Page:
Your fleet is plugged in…now what?
Read these three tips for avoiding data blindness with fleet telematics
Adopting fleet telematics requires a significant commitment of resources to ultimately get your fleet vehicles connected. When making the decision to invest, you’ll need to align the various stakeholders in your organization, obtain financial buy-in, coordinate implementation with the least impact to your operations and manage the impact to the drivers.
We talk about these considerations associated with setting up a telematics program, but often times the real challenge comes after the program is launched. The work doesn’t end once the devices are installed, in fact, it is just beginning! Even with implementation in your rear-view, you can’t set the cruise control on your new technology solution.
What you ultimately do with your new fleet data is just as critical as winning support to collect it in the first place. Unfortunately, having too much information at hand can lead to “data blindness”, or the inability to act upon the data you have painstakingly collected. If you’re not acting on the data you’re collecting, then you’re likely not going to deliver the value promised during your pitch.
So what can you do to keep your eyes on the prize? Here are three tips to sharpen your long-term fleet telematics vision:
Don’t let off the “adoption” accelerator
Your proposal for investing in telematics technology was successful, but sustaining your momentum requires ongoing support from your organization. Make sure you’re staying in front of key stakeholders, reminding them how fleet telematics will make their jobs easier. Continue educating drivers as to why monitoring actually protects their interests. Show your field contacts how telematics consolidates a variety of vehicle information all in one place, saving them time. As long as you continue showing your internal customers “what’s in it for them”, the road to telematics success will be much smoother.
Don’t try to solve all the problems at once
When crafting your business case for fleet telematics, you likely included a long list of areas of where data could add fleet value. However, it can be overwhelming to drive change when your attention is spread too thin, so pick a couple of top priorities to focus on. Do you want to immediately tackle driver behavior assessment, or start identifying cost reduction opportunities?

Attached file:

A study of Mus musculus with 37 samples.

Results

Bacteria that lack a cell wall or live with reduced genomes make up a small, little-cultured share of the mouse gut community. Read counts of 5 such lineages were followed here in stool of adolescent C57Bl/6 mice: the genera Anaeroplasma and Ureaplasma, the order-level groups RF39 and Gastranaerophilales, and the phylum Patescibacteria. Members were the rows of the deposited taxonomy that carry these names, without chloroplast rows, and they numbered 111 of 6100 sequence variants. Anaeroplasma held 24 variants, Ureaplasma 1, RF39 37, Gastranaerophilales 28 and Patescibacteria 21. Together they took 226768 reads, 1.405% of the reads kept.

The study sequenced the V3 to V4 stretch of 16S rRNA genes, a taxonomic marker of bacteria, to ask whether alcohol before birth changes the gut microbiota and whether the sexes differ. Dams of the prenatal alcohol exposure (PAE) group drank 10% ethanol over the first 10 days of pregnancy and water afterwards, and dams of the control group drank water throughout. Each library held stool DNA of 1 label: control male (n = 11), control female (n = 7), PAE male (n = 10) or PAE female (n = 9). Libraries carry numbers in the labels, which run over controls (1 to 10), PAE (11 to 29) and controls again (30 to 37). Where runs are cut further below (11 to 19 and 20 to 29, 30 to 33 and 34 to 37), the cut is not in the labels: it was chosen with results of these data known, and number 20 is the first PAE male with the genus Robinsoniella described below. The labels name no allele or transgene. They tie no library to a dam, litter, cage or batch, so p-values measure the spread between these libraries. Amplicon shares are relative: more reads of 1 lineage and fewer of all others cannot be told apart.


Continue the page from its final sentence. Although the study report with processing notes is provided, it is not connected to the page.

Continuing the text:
- If controlling variable fleet costs is on that list, then you may want to zoom in on the functions that aid in maintenance. By acting on the ability to have updates from the vehicle’s computer sent directly to you, you can proactively identify potential issues before it is too late and direct drivers to lower cost repair facilities in the area. Once the vehicles are in the shop, geofencing technology can be used to track the vehicle’s location and help reduce downtime by getting the vehicle back on the road as soon as repairs are completed.
- For other fleets, driver accountability is paramount. For example, if you’re subject to the new electronic logging device (ELD) mandate, telematics can pull in vehicle data on when the vehicle stopped and started in order to confirm drivers are taking all required breaks. The electronic logging component also limits errors from logging manually and gives you access to logs quicker than ever before.
- Leverage your telematics partner to help ensure you are focusing on the opportunities that help show the value of your investment.
Narrowing your focus down to several key priorities and dedicating your efforts to making progress in those areas can change the way you see the value of telematics.
Don’t be afraid to share incremental wins
Confidence in a new initiative is earned over time, and the best validation comes from actual results. That being said, you don’t need to wait until you fix all of your fleet problems before sharing some small wins along the way. For example, an ARI customer grappling with increased tire expenses across their fleet rolled out a fleet telematics initiative with the sole focus of monitoring tire pressure readings. While tire spend may seem like a small piece of the pie for many fleets, the technology’s success in addressing this critical cost area will lay the groundwork for support of future opportunities.
To learn more about getting the most out of your telematics initiative, check out ARI’s recent features in your favorite industry publications.